The silence from Gov. Tom Corbett’s office over a two-year period of discussions, hearings, meetings, and resolutions about Common Core had been deafening until now. The anti-Common Core community has been listening to a broken record throughout that time, clamoring for a new song.

Corbett made a public announcement earlier this month that he wanted to get rid of Common Core. However, it was to my understanding, that Pennsylvania had already wiped its hands clean of Common Core. Pennsylvania created its own very rigorous, college-and-career ready, and 21st Century PA standards that were not Common Core.

The Corbett administration’s “No Child Left Behind” (ESEA) Waiver request stated that:

“Pennsylvania educators from across the state convened in 2012 to meld the PA Academic Standards with CCSS standards (Common Core State Standards). … Overall, the PA Common Core Standards reflect a rigorous set of standards that embraces the CCSS Anchor Standards in English Language Arts as well as the CCSS Standards for Mathematical Practice…”

Why would PA need to “meld” and “embrace” something we supposedly moved away from? Why must our standards be anchored to Common Core? Furthermore, if the Corbett administration is concerned about a “top-down takeover of the education system” then why did it apply for and receive $51 million from the federal department of education for PA’s early learning education program?

It is through this federal grant that the federal government bypasses our state Legislature and Constitutional rule of law. It pushes policies and programs like CCSS and the State Longitudinal Data System (SLDS) into our state. Granted, Congress appropriates the money that funds these federal bureaucracies, but beyond that, it doesn’t exercise how these funds are used. These grants went not only to the PDE, but also to the PA Information Management Systems (PIMS) and the Department of Labor and Industry. And, as we can see, once implemented, these programs and policies are difficult, if not impossible, to eradicate, no matter who gets elected to office.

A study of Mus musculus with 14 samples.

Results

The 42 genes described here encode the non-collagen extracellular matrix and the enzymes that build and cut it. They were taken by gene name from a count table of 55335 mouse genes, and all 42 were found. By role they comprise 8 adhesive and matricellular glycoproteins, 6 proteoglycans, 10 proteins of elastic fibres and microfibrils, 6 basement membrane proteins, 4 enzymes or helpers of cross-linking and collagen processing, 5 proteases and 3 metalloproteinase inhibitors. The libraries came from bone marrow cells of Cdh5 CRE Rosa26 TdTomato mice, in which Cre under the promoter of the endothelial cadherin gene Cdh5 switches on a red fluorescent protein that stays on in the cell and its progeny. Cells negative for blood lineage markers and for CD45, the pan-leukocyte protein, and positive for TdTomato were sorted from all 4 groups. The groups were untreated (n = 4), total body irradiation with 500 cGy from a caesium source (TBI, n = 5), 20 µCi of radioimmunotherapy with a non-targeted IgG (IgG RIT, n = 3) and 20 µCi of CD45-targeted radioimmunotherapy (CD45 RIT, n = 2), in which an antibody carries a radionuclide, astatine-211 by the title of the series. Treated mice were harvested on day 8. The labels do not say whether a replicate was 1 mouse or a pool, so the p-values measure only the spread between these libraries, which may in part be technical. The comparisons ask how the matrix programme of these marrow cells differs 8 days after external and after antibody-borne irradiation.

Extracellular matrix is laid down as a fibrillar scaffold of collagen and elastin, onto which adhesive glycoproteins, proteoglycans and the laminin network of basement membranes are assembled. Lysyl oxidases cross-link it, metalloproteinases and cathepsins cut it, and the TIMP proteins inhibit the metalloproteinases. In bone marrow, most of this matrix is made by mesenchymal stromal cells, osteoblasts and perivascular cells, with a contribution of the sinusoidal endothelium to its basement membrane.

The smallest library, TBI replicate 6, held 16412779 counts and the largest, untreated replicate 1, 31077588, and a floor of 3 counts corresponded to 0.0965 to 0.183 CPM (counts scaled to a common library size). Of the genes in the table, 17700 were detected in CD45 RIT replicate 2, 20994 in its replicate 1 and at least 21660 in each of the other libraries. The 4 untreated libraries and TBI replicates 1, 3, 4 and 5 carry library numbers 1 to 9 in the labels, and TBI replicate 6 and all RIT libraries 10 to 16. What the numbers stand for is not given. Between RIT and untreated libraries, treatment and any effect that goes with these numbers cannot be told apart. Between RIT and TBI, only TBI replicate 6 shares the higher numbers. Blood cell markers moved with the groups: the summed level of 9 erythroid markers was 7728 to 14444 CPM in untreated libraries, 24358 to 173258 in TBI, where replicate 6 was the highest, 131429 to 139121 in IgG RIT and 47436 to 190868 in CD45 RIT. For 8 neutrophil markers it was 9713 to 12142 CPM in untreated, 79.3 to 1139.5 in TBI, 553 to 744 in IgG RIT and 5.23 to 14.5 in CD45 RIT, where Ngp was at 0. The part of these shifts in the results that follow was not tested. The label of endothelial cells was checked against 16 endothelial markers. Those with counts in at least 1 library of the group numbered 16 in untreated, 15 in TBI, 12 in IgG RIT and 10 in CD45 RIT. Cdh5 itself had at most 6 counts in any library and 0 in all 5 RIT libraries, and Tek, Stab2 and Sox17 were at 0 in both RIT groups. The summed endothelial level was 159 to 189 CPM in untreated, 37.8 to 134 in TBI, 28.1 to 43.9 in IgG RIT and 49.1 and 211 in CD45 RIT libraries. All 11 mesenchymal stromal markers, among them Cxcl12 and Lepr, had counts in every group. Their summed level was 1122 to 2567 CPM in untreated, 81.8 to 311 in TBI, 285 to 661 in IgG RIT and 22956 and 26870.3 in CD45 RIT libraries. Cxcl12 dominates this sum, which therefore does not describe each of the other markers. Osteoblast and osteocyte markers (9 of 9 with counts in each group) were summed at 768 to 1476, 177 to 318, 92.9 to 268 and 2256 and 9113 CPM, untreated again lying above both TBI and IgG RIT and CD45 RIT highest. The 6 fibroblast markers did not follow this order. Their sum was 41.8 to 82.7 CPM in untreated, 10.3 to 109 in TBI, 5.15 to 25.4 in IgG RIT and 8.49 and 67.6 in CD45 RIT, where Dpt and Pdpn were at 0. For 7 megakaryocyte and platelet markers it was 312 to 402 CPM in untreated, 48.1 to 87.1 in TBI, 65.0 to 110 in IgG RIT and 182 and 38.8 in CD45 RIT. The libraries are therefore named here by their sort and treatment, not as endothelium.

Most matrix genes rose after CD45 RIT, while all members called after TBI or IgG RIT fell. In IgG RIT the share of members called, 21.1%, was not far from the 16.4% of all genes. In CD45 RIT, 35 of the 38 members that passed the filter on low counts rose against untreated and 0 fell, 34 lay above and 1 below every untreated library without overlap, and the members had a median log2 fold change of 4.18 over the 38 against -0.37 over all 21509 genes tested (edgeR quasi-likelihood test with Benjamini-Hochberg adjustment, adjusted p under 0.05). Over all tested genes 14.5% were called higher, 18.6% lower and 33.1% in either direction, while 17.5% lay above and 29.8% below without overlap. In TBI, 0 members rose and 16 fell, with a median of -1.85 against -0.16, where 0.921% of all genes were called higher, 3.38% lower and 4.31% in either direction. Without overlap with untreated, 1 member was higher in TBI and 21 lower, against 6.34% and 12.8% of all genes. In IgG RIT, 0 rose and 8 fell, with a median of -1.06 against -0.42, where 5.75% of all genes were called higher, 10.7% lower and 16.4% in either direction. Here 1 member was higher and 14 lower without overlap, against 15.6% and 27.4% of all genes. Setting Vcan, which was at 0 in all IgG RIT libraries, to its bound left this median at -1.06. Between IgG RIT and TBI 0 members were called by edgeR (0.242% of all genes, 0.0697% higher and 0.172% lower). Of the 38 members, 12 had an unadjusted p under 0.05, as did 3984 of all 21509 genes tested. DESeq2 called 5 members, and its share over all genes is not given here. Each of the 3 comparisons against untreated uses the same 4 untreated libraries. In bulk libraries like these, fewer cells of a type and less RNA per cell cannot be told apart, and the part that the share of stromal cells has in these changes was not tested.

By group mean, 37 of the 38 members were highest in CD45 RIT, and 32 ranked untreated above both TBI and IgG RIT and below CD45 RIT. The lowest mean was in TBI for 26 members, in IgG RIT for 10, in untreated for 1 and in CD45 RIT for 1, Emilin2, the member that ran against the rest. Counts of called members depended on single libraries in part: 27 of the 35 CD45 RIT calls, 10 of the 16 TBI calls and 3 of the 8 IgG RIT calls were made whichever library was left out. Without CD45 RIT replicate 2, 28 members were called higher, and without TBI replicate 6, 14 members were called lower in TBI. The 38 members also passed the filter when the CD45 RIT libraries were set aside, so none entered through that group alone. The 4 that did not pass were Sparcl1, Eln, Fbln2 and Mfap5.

Common Core is a lesson in the importance of Constitutionally-limited government, the rule of law, and states’ rights via the Tenth Amendment, as well as the principle of subsidiarity, which focuses on protecting the proper and natural functions of local communities from oppressive control and manipulation by more comprehensive power. It directs the functions of government to the most local level possible.

The crux of the matter is this federal grant aid system, in addition to the collusion of crony capitalists and big government, that ignores the authority of our elected representation and creates a massive bureaucratic administrative state. It is a system that more resembles Fascism than a Constitutional Republic. In order for this “top-down takeover” to end, we must stop making deals that further erode our ability to function as a sovereign state and violate the principle of subsidiarity, especially when it comes to education. We can’t have it both ways. We end up groveling for our own taxpayer dollars back from the federal government, and yet only receive cents on the dollar in return.

The Student Aligned Systems portal (SAS), which includes a “Voluntary Model Curriculum” with lesson plans that align perfectly to the “Core” and to the Keystone Exams, runs contradictory to the claim that the PDE does not meddle into curriculum at the local district level. In fact, this “voluntary” curriculum, available on the SAS portal, was a big selling point for the federal government panel that evaluated PA’s grant application in which representatives from the PDE made it clear that “when we have made mandatory things available, pretty much everybody is using them.”

Act 82 of 2012 put a temporary moratorium on “certain Data Collection Systems and Data Sets” for both the early childhood learning database (called PELICAN) and the PIMS, which manages the “womb to workforce” data system. PA received $24 plus million in grant money from the federal government specifically for the creation of this SLDS aka “womb to workforce” data system. Act 82 includes a long list of exceptions to this moratorium including the catch-all phrase: “any data pursuant to other Federal requirements to meet eligibility requirements for Federal Funds.” It lists all the federal laws that apply.

How can the state possibly guarantee privacy of our children’s data, especially when this data is stored in the “cloud” environment – such as with the MMS Student Information System. Even if the Corbett administration puts the brakes on Common Core, and “common” data collection, can another administration come along and reinstate it? Would all this work being done now to eradicate Common Core and fortify data privacy be wiped away in one election?

If Corbett has indeed seen the light, I thank him and welcome his voice in the fight against Common Core, and all it entails. I sincerely hope this bone we’re being tossed has real substance, instead of just being more of the same hollow rhetoric. And, I hope Corbett will begin to realize that neither our rights as citizens of a sovereign state are up for sale to the highest bidder, nor is the privacy and safety of our children in state-controlled schools. Although this may seem like an election “Hail Mary” for Corbett, given the alternatives, I am hoping for a completion.

Frances Fulton

Frances Fulton is an avid reader with a passion for writing.